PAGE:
Mentors Log On To Help Students Make the Grade
A revolution is afoot in the way some Americans volunteer - and Russell Smith is in the vanguard.Skip to next paragraph
Call it armchair mentoring. A growing number of Americans are exploiting the 24-hour flexibility of e-mail to fit mentorships into busy lives. A software engineer in Colorado persuades a North Carolina teen to pursue math. A famous photographer in California shares his vision with an aspiring shutterbug in Alaska.
Sometimes, the students are just a town away. But mentors also cast a wide net, touching the lives of young people from inner cities to remote rural areas. All that's needed is "an e-mail address and a big heart for kids," says one convert.
Consider these examples:
* At the Murry Bergtraum High School in New York, English teacher Ted Nellen has his students put their papers on the Internet. Many long-lasting mentor relationships have sprung up as people like Mr. Smith comment on the assignments (www.bergtraum.k12.ny. us/work/html).
* 1,500 Hewlett Packard employees volunteer as e-mail mentors. The firm, which has set up a Web site to connect employees with teachers, gives them an hour a week to contribute. Many donate personal time too (www.mentor. external.hp.com).
* The Science, Engineering, and Math mentor program at the University of Delaware, matches disabled students with professionals who encourage the kids to pursue science careers (www.asel.udel. edu/sem).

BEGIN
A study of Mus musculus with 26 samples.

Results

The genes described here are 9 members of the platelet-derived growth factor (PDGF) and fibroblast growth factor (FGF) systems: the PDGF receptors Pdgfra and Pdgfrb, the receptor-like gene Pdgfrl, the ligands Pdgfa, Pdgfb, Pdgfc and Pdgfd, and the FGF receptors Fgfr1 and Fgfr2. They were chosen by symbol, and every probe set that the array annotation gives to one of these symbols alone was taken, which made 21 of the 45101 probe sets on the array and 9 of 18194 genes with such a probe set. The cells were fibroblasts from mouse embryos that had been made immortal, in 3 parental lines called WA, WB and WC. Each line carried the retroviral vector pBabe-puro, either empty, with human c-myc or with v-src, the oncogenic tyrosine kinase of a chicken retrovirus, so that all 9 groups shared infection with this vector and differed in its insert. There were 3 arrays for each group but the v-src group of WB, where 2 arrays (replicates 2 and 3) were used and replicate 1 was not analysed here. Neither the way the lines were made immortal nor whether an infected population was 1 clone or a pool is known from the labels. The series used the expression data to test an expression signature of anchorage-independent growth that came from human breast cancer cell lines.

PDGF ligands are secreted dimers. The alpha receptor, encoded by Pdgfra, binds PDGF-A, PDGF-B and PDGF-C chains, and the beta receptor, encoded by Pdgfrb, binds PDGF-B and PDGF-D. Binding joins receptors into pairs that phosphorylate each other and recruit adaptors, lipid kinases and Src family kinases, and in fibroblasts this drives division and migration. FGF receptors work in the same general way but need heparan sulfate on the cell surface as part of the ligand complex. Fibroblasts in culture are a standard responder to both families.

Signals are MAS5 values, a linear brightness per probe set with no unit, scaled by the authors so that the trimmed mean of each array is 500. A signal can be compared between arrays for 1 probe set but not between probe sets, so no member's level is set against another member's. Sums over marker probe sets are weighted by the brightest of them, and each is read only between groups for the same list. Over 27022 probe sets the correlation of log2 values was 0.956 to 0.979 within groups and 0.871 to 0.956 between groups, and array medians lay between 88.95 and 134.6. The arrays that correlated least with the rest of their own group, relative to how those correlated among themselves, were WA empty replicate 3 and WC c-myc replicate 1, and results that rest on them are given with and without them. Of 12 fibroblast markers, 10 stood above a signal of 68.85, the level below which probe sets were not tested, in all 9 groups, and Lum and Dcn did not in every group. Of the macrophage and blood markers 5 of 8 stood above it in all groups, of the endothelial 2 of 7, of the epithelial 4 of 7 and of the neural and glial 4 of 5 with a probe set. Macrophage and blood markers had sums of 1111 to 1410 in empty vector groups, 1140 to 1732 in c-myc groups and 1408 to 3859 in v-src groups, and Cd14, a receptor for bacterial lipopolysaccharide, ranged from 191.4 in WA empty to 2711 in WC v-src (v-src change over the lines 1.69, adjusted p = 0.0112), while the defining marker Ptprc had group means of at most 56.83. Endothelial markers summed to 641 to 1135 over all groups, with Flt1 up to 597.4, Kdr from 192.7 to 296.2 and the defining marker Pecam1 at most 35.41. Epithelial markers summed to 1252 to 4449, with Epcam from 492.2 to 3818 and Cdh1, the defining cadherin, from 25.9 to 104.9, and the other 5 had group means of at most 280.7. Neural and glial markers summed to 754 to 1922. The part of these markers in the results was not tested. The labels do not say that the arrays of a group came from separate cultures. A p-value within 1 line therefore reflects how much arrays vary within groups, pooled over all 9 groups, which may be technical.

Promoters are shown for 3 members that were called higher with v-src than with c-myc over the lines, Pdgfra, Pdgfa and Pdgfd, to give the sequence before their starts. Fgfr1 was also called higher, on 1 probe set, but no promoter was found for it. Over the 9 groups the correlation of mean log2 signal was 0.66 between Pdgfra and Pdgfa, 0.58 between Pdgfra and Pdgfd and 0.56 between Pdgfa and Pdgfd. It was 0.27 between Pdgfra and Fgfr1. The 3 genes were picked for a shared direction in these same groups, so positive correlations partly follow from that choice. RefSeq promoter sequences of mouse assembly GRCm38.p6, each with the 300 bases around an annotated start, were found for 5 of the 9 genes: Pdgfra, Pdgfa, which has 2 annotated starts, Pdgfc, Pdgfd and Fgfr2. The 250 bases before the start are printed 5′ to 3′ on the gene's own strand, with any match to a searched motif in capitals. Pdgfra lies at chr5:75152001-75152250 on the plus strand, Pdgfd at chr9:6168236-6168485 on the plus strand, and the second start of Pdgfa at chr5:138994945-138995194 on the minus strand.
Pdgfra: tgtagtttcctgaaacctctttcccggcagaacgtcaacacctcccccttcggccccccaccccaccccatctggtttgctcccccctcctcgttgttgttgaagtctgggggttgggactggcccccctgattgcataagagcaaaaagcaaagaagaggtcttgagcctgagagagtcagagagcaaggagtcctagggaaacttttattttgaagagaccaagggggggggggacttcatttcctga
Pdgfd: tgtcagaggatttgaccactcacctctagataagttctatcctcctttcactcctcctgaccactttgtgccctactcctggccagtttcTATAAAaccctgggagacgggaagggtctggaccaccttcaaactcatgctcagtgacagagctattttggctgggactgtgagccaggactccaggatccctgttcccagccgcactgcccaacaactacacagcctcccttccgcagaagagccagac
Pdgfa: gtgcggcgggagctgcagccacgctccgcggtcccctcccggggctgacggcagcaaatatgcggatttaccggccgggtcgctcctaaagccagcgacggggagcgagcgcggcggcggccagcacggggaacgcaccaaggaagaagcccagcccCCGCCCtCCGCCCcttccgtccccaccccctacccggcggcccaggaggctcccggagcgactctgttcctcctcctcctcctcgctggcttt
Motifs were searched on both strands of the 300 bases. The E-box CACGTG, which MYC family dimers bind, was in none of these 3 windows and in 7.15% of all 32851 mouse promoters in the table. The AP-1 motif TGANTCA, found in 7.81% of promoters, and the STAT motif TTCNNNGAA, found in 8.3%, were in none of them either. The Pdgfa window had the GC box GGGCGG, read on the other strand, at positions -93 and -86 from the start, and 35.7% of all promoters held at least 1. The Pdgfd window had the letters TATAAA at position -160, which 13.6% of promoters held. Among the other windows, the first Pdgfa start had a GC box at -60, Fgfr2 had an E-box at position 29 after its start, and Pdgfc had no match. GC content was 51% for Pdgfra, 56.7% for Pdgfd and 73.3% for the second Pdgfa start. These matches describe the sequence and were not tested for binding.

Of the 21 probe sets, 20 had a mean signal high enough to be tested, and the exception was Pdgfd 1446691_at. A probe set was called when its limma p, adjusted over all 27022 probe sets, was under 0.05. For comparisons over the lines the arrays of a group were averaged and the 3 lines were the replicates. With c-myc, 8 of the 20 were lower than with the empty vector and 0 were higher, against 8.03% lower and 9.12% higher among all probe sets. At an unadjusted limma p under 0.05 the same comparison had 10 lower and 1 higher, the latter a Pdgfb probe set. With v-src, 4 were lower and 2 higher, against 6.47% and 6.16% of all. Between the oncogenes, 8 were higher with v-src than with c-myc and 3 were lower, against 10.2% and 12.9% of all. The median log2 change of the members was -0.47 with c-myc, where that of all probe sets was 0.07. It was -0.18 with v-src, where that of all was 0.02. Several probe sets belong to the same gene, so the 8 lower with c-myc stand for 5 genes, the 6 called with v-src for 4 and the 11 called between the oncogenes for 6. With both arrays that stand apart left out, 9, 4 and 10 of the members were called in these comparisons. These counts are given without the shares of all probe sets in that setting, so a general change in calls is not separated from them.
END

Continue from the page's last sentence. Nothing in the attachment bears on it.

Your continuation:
The arrangements often evolve informally. Teachers and volunteers typically find each other on mentor-oriented Web sites. Many applicants are screened, although it varies from site to site. At the Electronic Emissary site (www.tapr. org/emissary), for example, interested students and adults fill out forms and are matched by site administrators at the University of Texas at Austin.
Linking children with unseen adults can raise concerns about inappropriate contacts. But Mr. Nellen, who has never had any trouble, asserts that e-mail mentorships are safer than face-to-face encounters. "Kids can simply hit the delete key" and erase the e-mail, he says. He monitors communications, and counsels the kids not to give out personal information. He steps in quickly if needed.
Nellen calls Internet mentoring "a powerful tool in education" because each of the 34 kids in his class can get personal attention. And, he says, the kids often pay more attention to their mentors than to him. These "outsiders" provide a real-world "authenticity." Besides, he quips, "Who listens to English teachers?"
Extra effort for mentors
In fact, it's quite typical for students to work harder with mentors, including those on the Internet. "The kids have a sense that it isn't just a school task," explains Janet Schofield, a professor of psychology at the University of Pittsburgh who is studying Internet mentor programs. "It's not just something the teacher is making them do."
Few question that technology holds promise in bringing students and mentors together. But as with any exclusively e-mail encounter, the first steps can be awkward.